26 May 2015

Strategies to successfully manage and motivate a multigenerational workforce


With the Traditionalists working well beyond retirement age, the Baby Boomers approaching retirement in an era where economic security is not assured, Generation X and the Millennials all working together – and the next Generation, Gen Z, soon to reach the age for University – HR managers find themselves in a bit of predicament. 

How do you successfully manage the needs of so many generations, while successfully navigating the demands of your business?

Overcoming the three main challenges faced in a multigenerational workplace is the key to not only the long-term success of an organisation, but to developing a cohesive and supportive team.

Communication breakdowns

Overcoming communication barriers is one of the main challenges HR managers need to address in the face of managing a multigenerational workforce. With the Millennials used to quick fire responses on social media, text messaging and instant messaging, and Baby Boomers and Gen X traditionally more comfortable with email and telephone based communication, the need to develop an effective, multiplatform communication strategy to connect with all staff is almost a cliché. 

As older employees tend to be more used to communicating in what they see as more respectful terms – the formality of email and direct conversation – the opportunity for misinterpretation of faster, more modern terms of communicating can often be misconstrued as disrespectful, leading to breakdowns in communication and, if left unaddressed, negative feelings between the generations in the workplace develop into deeper, more long-lasting issues. 

Making the effort to develop a clear communication policy within an organisation – as simple as that sounds – goes a long way towards ensuring a multigenerational workplace overcomes any communication breakdown before it has a negative effect on the organisations goals and objectives.

Negative Stereotypes

We’ve all heard the negative stereotypes; Gen X is angry and lost, Gen Y too demanding, expecting too much too soon, the Baby Boomer too set in their ways, unable to adapt. Negative stereotypes have an insidious long-term effect on the overall culture of an organisation.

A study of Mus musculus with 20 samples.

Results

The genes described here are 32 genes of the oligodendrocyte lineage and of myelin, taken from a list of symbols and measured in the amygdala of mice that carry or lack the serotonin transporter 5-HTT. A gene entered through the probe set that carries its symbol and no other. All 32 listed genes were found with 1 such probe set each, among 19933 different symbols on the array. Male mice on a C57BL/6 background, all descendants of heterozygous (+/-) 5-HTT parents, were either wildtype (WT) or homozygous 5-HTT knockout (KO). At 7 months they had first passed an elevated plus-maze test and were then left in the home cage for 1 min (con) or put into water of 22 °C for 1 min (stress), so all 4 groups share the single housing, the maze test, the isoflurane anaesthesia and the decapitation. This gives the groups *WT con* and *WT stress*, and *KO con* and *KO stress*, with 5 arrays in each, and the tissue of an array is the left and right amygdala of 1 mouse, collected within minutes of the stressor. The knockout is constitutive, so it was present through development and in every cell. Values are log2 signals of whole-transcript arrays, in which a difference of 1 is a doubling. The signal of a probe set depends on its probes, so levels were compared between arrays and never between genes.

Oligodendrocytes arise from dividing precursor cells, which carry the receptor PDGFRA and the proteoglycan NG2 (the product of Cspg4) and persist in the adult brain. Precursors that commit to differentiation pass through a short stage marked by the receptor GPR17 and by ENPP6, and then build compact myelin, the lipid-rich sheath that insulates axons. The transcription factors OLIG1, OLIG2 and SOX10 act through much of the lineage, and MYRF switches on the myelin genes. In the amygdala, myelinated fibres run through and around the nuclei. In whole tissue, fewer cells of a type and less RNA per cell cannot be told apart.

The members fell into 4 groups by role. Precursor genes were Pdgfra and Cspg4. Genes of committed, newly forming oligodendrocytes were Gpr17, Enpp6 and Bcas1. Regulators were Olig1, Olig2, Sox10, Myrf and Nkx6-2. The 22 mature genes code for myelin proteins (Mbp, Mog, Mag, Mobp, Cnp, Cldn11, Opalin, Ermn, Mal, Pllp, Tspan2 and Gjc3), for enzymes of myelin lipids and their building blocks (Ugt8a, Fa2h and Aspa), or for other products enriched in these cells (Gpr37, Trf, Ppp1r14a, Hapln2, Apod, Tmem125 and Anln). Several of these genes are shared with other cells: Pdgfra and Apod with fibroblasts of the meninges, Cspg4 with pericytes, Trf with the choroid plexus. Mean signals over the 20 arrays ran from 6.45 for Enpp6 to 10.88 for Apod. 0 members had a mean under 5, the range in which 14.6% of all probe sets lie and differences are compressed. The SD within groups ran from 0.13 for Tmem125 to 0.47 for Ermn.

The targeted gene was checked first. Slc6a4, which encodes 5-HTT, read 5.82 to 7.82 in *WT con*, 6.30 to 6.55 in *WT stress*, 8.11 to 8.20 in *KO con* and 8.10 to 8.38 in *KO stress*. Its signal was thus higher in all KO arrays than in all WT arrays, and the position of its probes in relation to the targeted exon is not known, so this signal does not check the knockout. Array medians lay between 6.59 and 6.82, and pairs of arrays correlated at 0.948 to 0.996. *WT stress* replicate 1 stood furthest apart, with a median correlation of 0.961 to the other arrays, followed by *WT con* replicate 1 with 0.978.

By developing ways for an open exchange of ideas, the various generations will be able to work together more effectively. The knowledge of the Baby Boomers is an invaluable asset to any organisation and it is through the proactive measures of the company’s leaders that the information can be passed on in ways that are not perceived to as “being bossy.”

The fact remains that by 2030 predictions in recent research show upwards of 38 million Baby Boomers will be transitioned to retirement. Through early intervention and organisational support, the information they contain can be shared with younger generations for the long-term benefit not only of the company, but also the future leaders who are only at the beginning their careers. 

Cultural Trends

The working culture of Australia is shifting. As the leaders of industry grapple with the transformational impacts of the digital economy, employees are grappling with the changes to their own work/life balance.

For the Baby Boomers, used to the daily commute and hours of work put in at the desk, the transition to a more mobile workforce can be especially jarring. While Gen X and Gen Y are more used to working from home, the idea of not being at the office can be hard to fathom for older workers. 

Younger generations do not see the office as the central hub it used to be, with younger leaders more interested in the outcomes the team produces as opposed to how many hours people sit at their desks.

Organisational leaders need to work within the confines of a multigenerational workforce, adapting existing policies to make sure everyone is working in the environment that best suits them. Younger workers value work life balance more than they value a particular role and are quick to search for a new position if their current role does not support this, while older workers may be more set by the routine of 9 to 5 in the office. 

By acknowledging the employee’s contributions regardless of the style in which they work, HR Leaders and front line managers will be able to better manage the demands of a multigenerational mobile workforce.


As Richard Milgram, Chief Executive Officer of Beyond.com said in an interview with Business News Daily in June 2014 "Each generation brings their own set of skills and cultural norms, a successful office should be a melting pot of different generations, personalities and talent, all coming together toward a common goal. That is the only way a company will ensure they are bringing fresh perspectives to oftentimes common problems."






Mike Cullen has recently returned to Akolade after a period as the conference producer for one of Australia's leading economic think tanks. Mike began working in the conference industry in 2007 after looking for a career change from the high pressured world of inbound customer service. Mike has worked for some of the most well known conference and media companies in the B2B space and in his spare time is working on his first novel in a planned Epic Fantasy trilogy.